Lorraine Campbell, one half of sister writing duo Ellie Campbell, reveals how hard it is to be a convincing liar.
In our latest novel, To Catch A Creeper, housewife Cathy O’Farrell finds herself in a comically terrible situation, unwillingly living a double life, lying to friends and family. And not the usual white lies that lubricate many happy marriages. Single women with boundless freedom and idealistic notions may not get it yet but men’s fragile equilibrium often needs protecting for the sake of their blood pressure and our peaceful life.
Hence and true lines like: ‘No, it’s not new, silly – I’ve had it for ages’. (OK it MAY have been more successful with a sweater than the new horse in my pasture) Or: ‘No, really … 95% off. They positively gave it away, said they needed more room in the shop’.
Actually, I am a terribly unconvincing liar, which is why it’s so fun to write about someone who spins yarns as easily as a foreign backstreet rugmaker. But I well understand the stresses of living a double life.
It happened years ago – so many that the statute of limitations must have expired on these crimes by now. My friend – uh – Linda – OK, let’s just say it was me. In Los Angeles. No Green Card. No job. And not Mexican – which means, of course, not qualified for anything actually useful like handling a leaf blower.
And so friend and roommate Penelope, a struggling actress, ‘loaned’ me her name and social security number. Off I went, in my fresh-off-the-boat British accent, to sign on with a temporary secretarial agency. Too nervous to remember her prepping, I declared myself a native of Philadelphia, wildly claiming all manner of college degrees earned in improbably short periods of time. Impressed by these impeccable credentials the agency took me on.
Then the real farce began. Early mornings. ‘Penelope Smith, please.’ ‘Sorry,’ chomp, chomp, mouthfuls of toast. ‘She’s not here.’ ‘Oh? Would you tell that Waterloo Temps has work for her.’ Quick choke and pause to marshal brain cells for hasty backtracking. ‘Oh, ah … hah, hah, forgot myself there a moment … actually, I AM Penelope.’ Followed by the cool reproof. ‘Yes, I know. I recognized your voice.’ Or the reverse situation, Penny rushing into the bedroom. ‘Your temp agency called and I answered the phone. I’m so sorry, I said I was you – I mean me – and they made me – as you – accept a job. Sherman Insurance. In 5 minutes.’
Looking back I wonder if that agency was every really fooled.
Deception is a challenge. I’d space out in some stuffy office, listening to people yelling for me and idly wondering if this Penelope was deaf or just too lobotomized to respond. Chatting in the elevator, someone would ask my name and I’d answer ‘Lorraine’ then quickly amend, ‘Uh, I mean Penelope.’ Sticking to all three syllables was supposed to help prevent confusion with Penny’s friends but I grew tired of being saddled with such a stuffy moniker. ‘Does everyone call you Penelope or do you have a nickname?’ a fellow drone asked. What could it hurt? I missed being me. ‘Well, yeah, quite a few people call me Lorraine.’ He looked puzzled. ‘Is that your middle name or just something you made up?’ I thought of my employment form. ‘Made up,’ I said weakly, and felt foolish. Somehow I just couldn’t imagine anyone lying awake at night, thinking, Gosh, I wish my parents had decided to name me Lorraine.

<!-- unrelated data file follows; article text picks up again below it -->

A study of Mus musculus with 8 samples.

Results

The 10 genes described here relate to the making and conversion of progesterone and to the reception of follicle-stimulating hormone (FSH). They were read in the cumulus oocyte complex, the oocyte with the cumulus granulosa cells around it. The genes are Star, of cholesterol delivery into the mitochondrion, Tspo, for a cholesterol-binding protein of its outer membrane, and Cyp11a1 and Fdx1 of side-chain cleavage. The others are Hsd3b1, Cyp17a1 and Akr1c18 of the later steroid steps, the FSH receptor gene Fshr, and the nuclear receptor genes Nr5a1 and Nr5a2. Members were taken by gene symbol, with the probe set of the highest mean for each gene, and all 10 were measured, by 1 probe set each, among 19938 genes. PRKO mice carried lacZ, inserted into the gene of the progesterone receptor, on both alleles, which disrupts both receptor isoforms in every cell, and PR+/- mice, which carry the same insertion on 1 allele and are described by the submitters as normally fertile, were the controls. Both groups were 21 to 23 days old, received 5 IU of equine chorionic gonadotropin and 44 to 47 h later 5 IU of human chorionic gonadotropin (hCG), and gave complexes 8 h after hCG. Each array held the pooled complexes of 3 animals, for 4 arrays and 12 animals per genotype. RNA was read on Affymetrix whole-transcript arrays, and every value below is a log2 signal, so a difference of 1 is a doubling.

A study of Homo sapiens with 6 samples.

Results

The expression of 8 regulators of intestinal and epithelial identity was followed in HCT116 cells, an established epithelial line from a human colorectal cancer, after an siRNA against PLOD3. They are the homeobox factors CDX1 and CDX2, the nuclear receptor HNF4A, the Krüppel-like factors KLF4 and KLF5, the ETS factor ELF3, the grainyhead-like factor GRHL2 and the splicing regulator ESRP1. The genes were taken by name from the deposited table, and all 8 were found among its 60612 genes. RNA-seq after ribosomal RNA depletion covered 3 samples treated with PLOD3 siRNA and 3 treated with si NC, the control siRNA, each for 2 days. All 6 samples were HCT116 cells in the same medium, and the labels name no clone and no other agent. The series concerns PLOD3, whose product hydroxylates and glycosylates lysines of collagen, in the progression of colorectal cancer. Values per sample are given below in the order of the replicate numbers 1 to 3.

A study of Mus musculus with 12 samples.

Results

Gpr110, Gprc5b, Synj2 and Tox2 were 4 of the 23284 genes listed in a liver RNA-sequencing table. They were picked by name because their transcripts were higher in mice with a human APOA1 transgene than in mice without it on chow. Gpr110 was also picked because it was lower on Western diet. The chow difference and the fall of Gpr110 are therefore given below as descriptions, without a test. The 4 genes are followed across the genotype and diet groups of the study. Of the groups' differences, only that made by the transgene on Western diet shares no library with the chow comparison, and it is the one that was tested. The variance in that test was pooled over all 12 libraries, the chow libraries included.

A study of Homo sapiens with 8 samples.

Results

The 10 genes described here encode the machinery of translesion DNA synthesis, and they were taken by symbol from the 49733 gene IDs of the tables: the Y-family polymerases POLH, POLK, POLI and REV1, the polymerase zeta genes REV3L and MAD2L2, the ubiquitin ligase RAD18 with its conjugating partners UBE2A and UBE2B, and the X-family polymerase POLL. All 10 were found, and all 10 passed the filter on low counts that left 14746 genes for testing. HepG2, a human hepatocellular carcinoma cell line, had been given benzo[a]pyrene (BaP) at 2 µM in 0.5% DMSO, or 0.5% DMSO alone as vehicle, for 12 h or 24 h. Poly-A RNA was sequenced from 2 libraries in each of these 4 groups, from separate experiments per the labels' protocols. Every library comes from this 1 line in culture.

There was more of course – the highlight being when all of us temps decided to reveal our deep dark secrets and I trumped them all with ‘Well, folks, let me reveal my real identity…
By then I didn’t care any more. Like our heroine Cathy I was anxious to abandon the stress of subterfuge. I threw in the towel with Waterloo Temps and returned Penelope’s name back to its rightful owner. A short while later, I – uh, I mean, of course, Linda – got offered a great job in Beverly Hills and graduated to her own fake social security number. But that’s a story for another day…
Cathy is riding high in her brand-new job at a (surprisingly bitchy) top London advertising agency working with best friend Rosa. But when Rosa’s pregnancy goes amiss and enemies sabotage her new career, she finds herself leading a chaotic double life of lies and deception, hiding a shameful secret from all, especially husband Declan who appears in the throes of a nervous breakdown. Meanwhile she’s agreed to unmask the notorious Crouch End Creeper, a burglar terrorising their neighbourhood. Little does she know that her meddling, assisted by fellow mothers (the Wednesday Once Weeklies) and the Neighbourhood Watch, will lead their dangerous opponent to murder. And that it’s not only the tall elegant transvestite who is placing herself at risk…
We are Lorraine Campbell and Pam Burks, two sisters separated by the Atlantic Ocean. We didn’t exactly set out to write together. Both of us were already established short story writers before all those long telephone conversations led to Ellie Campbell. We are equally passionate about writing, travel, horses, dogs, the outdoors, and although Pam now lives in Reigate, not far from London, with a husband, three children and a dog, while Lorraine is on a small Colorado ranch near wild and wonderful Boulder with husband, three horses, five cats, one dog and four chickens – we both believe in enjoying life to the fullest, be it digging up carrots in the allotment, listening to audiobooks while scooping manure in the corrals or going on a trail ride in the beautiful Rocky Mountains.